Little Big-Man Lane Continues To Get It Done

COLLEGE PARK -- On Aug. 19 at Terps football camp, Maryland senior receiver DeAndre Lane -- all 5-foot-7, 175-pounds of him -- caught an intermediate sideline ball from Perry Hills, pivoted, and quickly jetted down the left sideline untouched for a score on the first play of the session.

COLLEGE PARK -- On Aug. 19 at Terps football camp, Maryland senior receiver DeAndre Lane -- all 5-foot-7, 175-pounds of him -- caught an intermediate sideline ball from Perry Hills, pivoted, and quickly jetted down the left sideline untouched for a score on the first play of the session. 

A few hours later, in final scrimmaging work that day, he punctuated the session by going up over the middle over two taller defenders in the end zone for a scoring strike of some 20 yards, also from Hills.

Maryland's "little big-man" continues to get the job done (see his two touchdowns/two-point conversions in Saturday's open scrimmage in Maryland Stadium), remaining among the starting unit for D.J. Durkin's first squad, despite the fact for three years he was mostly a forgotten man around Maryland football.

Lane, the speedster out of Catonsville, was seemingly 'AWOL' beyond a scant few special teams duties over the years, and he nearly left school.

But he had two driving forces keeping him around: his 1 1/2 year baby daughter, Kylie, and a lease on life when former offensive coordinator and interim head coach Mike Locksley shook things up in the second half of the season after Randy Edsall was let go by inserting a lot of new offensive personnel.

Now, Lane is an "old-soul" on a Terrapin receiver unit breaking in a lot of new (and talented) faces this month in camp, a list led by summertime transfers Teldrick Morgan and Chris Jones, as well as promising freshmen Tino Ellis and D.J. Turner. But Lane remains on the first team, with budding sophomore star D.J. Moore and another once-frustrated senior finishing on a high note, Malcolm Culmer, who also emerged from the shadows last fall.

Receiver is now one of Maryland's most deepest, explosive units, thanks in part to the new infusion. But also because of the senior renaissance led by Lane and Co. He is fast, quick, runs good routes and since the spring has simply been holding onto most every ball. And he is a quick learner, too, adapting quickly to the new scheme.

"Personally, I think I gained my confidence back. Those three years were kinda rough on me. I was kinda out," Lane said. "I was just working hard, but it was going unnoticed, unappreciated. So when I got my chance when Locksley became head coach, I took advantage of that. Ad when the new coaches came in, well I knew it was a clean slate then, so I just dedicated myself to what they were saying and have been ever since."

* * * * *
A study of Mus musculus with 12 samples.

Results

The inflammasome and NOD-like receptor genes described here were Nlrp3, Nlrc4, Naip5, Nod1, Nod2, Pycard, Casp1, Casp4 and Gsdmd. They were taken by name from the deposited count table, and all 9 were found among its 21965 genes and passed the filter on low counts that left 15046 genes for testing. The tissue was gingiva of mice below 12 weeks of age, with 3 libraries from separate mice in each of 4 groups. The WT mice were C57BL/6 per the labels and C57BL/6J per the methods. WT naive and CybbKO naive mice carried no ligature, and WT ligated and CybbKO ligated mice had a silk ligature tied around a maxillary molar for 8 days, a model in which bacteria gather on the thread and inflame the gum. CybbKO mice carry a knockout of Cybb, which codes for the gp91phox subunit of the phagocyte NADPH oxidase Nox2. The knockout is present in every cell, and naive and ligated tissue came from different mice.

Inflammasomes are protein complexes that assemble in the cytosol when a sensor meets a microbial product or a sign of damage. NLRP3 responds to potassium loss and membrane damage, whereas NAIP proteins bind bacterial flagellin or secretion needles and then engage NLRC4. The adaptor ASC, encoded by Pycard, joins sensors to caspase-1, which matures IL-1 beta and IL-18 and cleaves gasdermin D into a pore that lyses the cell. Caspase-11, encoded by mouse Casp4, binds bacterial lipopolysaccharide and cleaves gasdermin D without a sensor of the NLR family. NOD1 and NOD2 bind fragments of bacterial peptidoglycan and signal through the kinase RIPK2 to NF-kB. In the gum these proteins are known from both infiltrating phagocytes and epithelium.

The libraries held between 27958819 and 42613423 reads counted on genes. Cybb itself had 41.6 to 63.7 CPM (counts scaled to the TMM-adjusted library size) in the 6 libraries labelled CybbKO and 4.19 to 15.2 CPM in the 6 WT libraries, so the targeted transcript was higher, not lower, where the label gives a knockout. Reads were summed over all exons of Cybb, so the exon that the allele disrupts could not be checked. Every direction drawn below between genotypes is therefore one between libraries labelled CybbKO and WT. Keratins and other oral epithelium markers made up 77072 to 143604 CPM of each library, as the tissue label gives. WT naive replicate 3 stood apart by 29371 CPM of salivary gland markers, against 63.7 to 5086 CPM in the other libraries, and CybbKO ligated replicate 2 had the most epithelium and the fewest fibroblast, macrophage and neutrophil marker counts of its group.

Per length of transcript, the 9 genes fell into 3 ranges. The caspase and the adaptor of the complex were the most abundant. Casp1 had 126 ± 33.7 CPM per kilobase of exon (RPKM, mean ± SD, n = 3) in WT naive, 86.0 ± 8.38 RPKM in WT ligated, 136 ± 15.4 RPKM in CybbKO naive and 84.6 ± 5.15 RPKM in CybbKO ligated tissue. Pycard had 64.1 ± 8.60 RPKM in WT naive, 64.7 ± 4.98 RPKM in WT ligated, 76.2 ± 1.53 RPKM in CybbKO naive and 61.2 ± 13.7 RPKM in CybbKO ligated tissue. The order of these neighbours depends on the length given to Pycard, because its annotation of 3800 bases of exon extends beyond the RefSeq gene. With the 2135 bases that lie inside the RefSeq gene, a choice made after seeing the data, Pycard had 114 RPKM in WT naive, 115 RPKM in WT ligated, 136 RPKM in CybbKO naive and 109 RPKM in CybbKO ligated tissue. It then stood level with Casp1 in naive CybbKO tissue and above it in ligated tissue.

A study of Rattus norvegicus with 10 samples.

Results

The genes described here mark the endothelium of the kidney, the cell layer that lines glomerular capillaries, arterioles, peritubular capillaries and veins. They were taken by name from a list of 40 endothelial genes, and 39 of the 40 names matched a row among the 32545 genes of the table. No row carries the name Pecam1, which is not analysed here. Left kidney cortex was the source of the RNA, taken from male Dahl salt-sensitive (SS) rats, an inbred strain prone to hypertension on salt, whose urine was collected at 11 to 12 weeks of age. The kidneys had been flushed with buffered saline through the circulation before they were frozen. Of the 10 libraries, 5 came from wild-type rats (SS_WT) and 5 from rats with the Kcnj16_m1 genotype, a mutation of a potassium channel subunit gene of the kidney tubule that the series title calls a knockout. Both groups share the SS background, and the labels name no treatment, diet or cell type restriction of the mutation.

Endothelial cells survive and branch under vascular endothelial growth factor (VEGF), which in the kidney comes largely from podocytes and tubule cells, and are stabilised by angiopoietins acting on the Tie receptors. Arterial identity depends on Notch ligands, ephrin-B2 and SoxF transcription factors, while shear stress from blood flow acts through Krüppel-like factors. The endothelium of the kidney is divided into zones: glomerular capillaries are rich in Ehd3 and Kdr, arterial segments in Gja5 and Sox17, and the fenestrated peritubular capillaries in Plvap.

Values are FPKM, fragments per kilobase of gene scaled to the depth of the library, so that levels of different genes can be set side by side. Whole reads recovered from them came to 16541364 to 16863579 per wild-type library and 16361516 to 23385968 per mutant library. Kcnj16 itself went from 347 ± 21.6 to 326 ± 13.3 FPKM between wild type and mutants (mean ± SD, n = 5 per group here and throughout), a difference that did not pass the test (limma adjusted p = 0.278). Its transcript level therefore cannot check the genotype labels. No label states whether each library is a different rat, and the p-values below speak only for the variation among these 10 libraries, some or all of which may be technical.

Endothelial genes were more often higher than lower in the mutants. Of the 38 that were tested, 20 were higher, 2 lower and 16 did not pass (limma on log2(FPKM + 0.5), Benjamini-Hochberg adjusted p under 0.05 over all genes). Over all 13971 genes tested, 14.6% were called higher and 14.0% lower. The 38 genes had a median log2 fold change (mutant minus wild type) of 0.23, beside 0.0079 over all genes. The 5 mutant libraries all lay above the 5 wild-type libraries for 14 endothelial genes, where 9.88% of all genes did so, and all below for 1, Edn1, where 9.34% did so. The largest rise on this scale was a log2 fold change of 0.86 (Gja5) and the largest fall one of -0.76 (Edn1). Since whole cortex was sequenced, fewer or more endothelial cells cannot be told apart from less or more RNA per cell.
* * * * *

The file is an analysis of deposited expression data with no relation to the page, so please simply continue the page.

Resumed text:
Few Terps have benefited as much from the change as Lane, who said a new energy went through the team house like a bolt of lightning.

"A lot," he said of change. "You could just say they are more like "energizers." They came in from the jump and told us what it was going to be like, and that they were not going to settle for less. So it was either we had to adapt or we had to leave. So everyone chose to adapt, buy into what they were saying, as we could tell that they really wanted to win. And we all want to win, we are sick of losing, so it wasn't a hard choice."

Lane has gotten in the best shape of his life, and is mentally and physically well-prepared each day out. He said the change in the weight room beginning last winter was profound as well.

"Coach (D.J.) Durkin, Coach (Rick) Court, all of them they are like wild dudes," Lane said. "Like (Terps center) Brendan (Moore) said, they are a human version of a can of Red Bull (laughs). Every day they are coming in at 5:30 in the morning, music blasting, trying to make sure everyone is awake. Screaming, yelling, and it gets everyone hyped. So instead of being dead at practice, we are all more life-like."    

Said Terps senior offensive guard Maurice Shelton, who has had his own renaissance after years of struggle/anonymity and remains in the first group on the right side:

"I have seen him work hard and grow as a player," Shelton said of Lane. "Definitely I have seen his grind, how he has come up in the ranks, stuck to it. So I am very happy for him. And we all know he is fast, but I have just seen him grow and improve his game as well."

Lane has many forms of motivation, beginning with his stature. But it hasn't prevented him from making big plays most every day out. And he has a lot more competition nowadays in the UMD receiver ranks, like senior Levern Jacobs as well, and everyone saw how explosive Morgan can be on Saturday in the scrimmage, too.  

"I am still the shortest one in the room, but I am still going up and making plays," Lane said. "But some people used to look down on that, 'he's too short,' that kind of thing."

Lane said the feeling has also pervaded the QBs room, where he said the Terps' signal-callers are more relaxed. 

"They are more confident with the new coaches, are playing more relaxed, so we are looking good." he said.

But his biggest motivation is his daughter, who lives with her mother in Columbia.

"There was there was a point I thought about leaving before she was born. I thought about leaving. But I can't leave because I have to be close to home, to her. I use her as my motivation now to do even more."

Lane may be a small man with a soft voice, but he feels the Terps' receiving corps will have to be reckoned with this fall.

"We are a lot deeper, we've got a lot of young boys coming up learning that will potentially get on the field this year. As a unit, I think we are going to be something the Big Ten has to watch out for this season."